Another day, another new team in the Big Ten. And another familiar face for Penn State.
Some 20 years after Joe Paterno's dream of an all-sports Eastern athletic conference fell apart, the Big Ten continued its push eastward on Tuesday by officially accepting Rutgers as the league's 14th member. Maryland came aboard on Monday.
I think it's fantastic, Penn State coach Bill O'Brien said Tuesday. I think it's cool. You have the East Coast market now, and for many years Penn State was the East Coast team. And now, to me, we're starting to get that whole Atlantic corridor there, and those are two great schools with good football traditions.
O'Brien has a closer connection to the situation than most. He spent two years as an assistant coach at Maryland under Ralph Friedgen as a running backs coach in 2003 and 2004.
There are plenty of Maryland connections on O'Brien's staff as well. Linebackers coach Ron Vanderlinden was the head coach of the Terrapins before coming to Penn State. Strength coach Craig Fitzgerald played for the Terps and was a three-year letterman. Defensive line coach Larry Johnson is a former high school coach in Maryland.
I was there at Maryland and we had some great players, O'Brien said. Vernon Davis, Shawne Merriman, D'Qwell Jackson, Josh Allen. We had many good players. … So it's going to be fun to have them in the league.
And Rutgers is official here, too, and I think that's great. It's going to be fun to play against them.
An ESPN report on Monday said Maryland and Rutgers would slide into the Leaders Division along with Penn State upon joining the conference with Illinois moving to the Legends Division. On Tuesday, Big Ten commissioner Jim Delany firmly denied that anything was settled, saying that the league's athletic directors will need to first sit down and discuss realignment.
But Delany acknowledged that geography will likely be a bigger factor in splitting up a 14-team league as opposed to the current 12-team model, lending credence to the idea that the newcomers will both be packaged with Penn State.
Once touted as a guy who could handle 20 to 25 carries a game by O'Brien, tailback Bill Belton has touched the ball exactly once in November.
O'Brien initially cited performance in practice as a reason for Belton's lack of playing time. On Tuesday he said it's more about Zach Zwinak establishing himself as the feature back with three straight games over 130 yards rushing.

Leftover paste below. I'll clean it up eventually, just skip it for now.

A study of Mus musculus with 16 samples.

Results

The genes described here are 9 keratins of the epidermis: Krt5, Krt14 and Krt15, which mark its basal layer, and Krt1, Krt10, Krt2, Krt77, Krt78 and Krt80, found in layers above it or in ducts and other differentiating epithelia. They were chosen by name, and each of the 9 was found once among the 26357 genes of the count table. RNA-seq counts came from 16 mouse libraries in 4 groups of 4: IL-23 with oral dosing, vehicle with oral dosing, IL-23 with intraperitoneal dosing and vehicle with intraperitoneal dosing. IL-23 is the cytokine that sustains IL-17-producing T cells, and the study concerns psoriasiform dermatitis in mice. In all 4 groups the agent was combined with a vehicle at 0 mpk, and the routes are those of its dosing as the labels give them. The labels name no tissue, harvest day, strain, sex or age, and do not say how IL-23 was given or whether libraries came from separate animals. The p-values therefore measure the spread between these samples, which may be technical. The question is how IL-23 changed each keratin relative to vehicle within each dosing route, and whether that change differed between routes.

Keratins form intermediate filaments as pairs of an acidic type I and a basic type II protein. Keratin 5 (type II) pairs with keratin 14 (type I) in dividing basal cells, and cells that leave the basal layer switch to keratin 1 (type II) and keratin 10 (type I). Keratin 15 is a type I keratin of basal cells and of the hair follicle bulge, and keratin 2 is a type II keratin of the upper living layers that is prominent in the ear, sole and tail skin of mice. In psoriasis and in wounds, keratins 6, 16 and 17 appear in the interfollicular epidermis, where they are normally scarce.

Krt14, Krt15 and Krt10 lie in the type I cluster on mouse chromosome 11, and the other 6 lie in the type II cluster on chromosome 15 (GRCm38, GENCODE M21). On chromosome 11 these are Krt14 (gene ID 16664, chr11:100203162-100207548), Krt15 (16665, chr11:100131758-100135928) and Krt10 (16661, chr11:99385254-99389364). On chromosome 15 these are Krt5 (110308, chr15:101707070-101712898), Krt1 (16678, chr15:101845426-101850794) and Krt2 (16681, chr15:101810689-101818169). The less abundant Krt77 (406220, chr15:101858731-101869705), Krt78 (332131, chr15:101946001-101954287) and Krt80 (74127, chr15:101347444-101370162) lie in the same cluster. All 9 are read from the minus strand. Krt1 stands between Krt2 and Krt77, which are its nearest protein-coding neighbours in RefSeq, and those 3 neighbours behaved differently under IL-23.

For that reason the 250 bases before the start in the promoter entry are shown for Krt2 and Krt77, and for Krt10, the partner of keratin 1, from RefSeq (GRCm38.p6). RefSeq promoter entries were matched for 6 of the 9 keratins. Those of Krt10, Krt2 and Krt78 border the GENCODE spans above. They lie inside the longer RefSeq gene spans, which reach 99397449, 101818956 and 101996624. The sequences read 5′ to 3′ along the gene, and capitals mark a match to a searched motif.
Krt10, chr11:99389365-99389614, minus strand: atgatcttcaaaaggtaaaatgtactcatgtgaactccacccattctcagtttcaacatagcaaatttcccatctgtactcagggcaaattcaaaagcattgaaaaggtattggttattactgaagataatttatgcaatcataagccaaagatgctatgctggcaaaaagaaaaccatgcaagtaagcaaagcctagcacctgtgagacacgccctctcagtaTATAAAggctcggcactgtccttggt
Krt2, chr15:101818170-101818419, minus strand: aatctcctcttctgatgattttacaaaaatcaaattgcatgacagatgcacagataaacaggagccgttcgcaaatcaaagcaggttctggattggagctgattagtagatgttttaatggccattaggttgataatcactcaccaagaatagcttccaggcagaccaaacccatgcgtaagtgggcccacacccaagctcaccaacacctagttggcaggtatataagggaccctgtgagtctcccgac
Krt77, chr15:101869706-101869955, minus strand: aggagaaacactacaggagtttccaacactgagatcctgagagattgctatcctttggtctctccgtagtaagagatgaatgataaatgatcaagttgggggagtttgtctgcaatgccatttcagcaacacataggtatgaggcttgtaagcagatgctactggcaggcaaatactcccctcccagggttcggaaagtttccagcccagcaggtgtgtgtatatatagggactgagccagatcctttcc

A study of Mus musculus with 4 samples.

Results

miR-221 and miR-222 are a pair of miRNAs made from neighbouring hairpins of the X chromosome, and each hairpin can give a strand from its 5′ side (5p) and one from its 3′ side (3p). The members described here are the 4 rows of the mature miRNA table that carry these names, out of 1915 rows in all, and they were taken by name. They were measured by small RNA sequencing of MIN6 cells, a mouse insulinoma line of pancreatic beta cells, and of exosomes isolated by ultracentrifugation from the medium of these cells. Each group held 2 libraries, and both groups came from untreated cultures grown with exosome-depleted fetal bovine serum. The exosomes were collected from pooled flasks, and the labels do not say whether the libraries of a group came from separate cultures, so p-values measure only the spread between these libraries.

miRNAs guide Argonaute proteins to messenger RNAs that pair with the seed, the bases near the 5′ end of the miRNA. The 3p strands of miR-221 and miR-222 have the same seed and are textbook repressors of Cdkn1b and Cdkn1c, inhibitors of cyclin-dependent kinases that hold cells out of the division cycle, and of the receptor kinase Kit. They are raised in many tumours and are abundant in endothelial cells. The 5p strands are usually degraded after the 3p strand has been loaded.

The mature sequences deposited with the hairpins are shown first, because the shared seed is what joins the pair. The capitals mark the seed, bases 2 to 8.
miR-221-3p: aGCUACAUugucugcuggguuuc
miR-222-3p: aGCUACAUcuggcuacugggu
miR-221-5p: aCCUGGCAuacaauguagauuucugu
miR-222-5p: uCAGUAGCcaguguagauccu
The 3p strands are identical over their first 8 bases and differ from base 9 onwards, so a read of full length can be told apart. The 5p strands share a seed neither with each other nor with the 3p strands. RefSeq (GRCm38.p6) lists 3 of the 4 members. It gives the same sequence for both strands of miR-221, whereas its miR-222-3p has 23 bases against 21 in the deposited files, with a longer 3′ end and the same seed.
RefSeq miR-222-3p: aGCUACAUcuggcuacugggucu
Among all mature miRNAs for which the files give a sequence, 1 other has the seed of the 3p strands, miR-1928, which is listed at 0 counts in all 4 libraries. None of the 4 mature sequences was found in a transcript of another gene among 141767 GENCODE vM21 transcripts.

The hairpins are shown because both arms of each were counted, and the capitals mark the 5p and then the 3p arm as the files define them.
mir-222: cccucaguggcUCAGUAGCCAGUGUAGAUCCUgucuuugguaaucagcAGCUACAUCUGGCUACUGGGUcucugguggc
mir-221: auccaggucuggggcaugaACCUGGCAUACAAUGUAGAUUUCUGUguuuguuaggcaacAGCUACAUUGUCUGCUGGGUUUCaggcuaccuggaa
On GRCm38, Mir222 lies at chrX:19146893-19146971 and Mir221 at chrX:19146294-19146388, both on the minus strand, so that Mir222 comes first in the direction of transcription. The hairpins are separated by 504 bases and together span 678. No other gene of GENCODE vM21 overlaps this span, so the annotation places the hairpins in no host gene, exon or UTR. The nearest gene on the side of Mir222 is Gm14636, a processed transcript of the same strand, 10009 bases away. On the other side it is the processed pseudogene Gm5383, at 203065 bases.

Billy and I have had a lot of conversations over the last month and he's really improved his practice habits quite a bit, O'Brien said. Here is a guy (Zwinak) that's on a bit of a roll. That's what happens. … One guy comes in and takes advantage of his opportunity, and it's hard to get him off the field.
Billy is a competitive guy. He's doing better off the field, in the classroom, I believe. And we still see a very bright future for Billy.
Michael Mauti (knee) and Kyle Carter (wrist) are both out for Saturday's finale against Wisconsin.
Three others – safety Malcolm Willis (knee), defensive tackle James Terry (foot) and tailback Curtis Dukes (head) – are all considered day-to-day.
Among the 30 players who will be honored before the game for senior day, seven still have eligibility remaining but will elect to not return to play in 2013.
Three of those seven are scholarship players in wide receiver Christian Kuntz, offensive lineman Frank Figueroa and defensive back Mike Wallace. All have played sparingly during their four years with the program and Wallace has missed the entire season with an injury.
The other four who will suit up for the last time are fullback Andre Dupree, long snapper Emery Etter, cornerback Patrick Flanagan and Valley View grad J.R. Refice.